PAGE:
Individual retirement accounts, or IRAs, are a way to start planning for future financial needs. Putting money in a retirement account allows it to be invested in other vehicles such as stocks, bonds, and mutual funds. The level of risk and the diversity will grow your money over time. When you need it, it will be at a comfortable level to meet your needs.
Individual retirement accounts are set up through a bank or credit union or a mutual fund company. Each retirement account sets its limits for contributions that can be made each year. The investments that you make each year are tax-deferred. This means that taxes are not assessed on the contributions until such time as the money is withdrawn from the account.
People who have invested in a defined contribution plan (like a 401(k)) with their employer can roll their money over into an IRA when they leave their job. The money will continue to grow without penalty and the person will reallocate their funds for investing with the new IRA. There are traditional forms of individual retirement accounts and Roth accounts.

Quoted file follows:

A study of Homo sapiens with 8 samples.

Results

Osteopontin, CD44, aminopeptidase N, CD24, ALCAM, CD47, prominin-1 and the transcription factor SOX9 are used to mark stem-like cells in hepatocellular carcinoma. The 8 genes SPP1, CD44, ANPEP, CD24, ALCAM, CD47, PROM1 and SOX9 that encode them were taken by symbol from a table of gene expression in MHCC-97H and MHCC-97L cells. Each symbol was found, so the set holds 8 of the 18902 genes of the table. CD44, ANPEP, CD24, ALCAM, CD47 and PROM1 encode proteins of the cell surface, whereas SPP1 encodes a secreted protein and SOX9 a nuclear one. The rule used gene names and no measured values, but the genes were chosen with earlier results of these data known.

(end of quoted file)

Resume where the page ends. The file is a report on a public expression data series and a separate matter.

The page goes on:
One such individual retirement account is the SEP IRA. This is a Simplified Employee Pension Plan. This is an employer sponsored individual retirement account. The employer makes contributions to an individual retirement account on behalf of their employees. The account is in the name of the employee and owned by them. The IRA can be set up by the employer or the employee, but the contributions are managed by the employer.
With defined contribution plans, there is no federal guarantee of benefits. The employee and the employer assume the risks of investing. A plan official is responsible for seeing that the monies are invested properly on behalf of the company and its employees.
Employers decide when an employee can open an account. There may be an age limit, or the employee may have to have been with the company at least a year in order to be eligible for an SEP IRA. Check with the human resources department at your job for more details on the SEP that they offer.
An SEP is a traditional IRA account. The contributions are limited to $4,000 annually. If the employee is aged fifty to sixty-nine, the contribution limit goes up to $4,500. Employers are allowed to contribute at most twenty-five percent of an employee’s pay for their individual account. Employers can also put away money for themselves in these plans. SEP IRAs are also options for self-employed individuals who want an alternative to the Keogh plan.
SEP individual retirement accounts are options that some companies choose for their employees instead of a traditional 401(k) plan. The account can be rolled over when employment ends and is tax-free until distribution.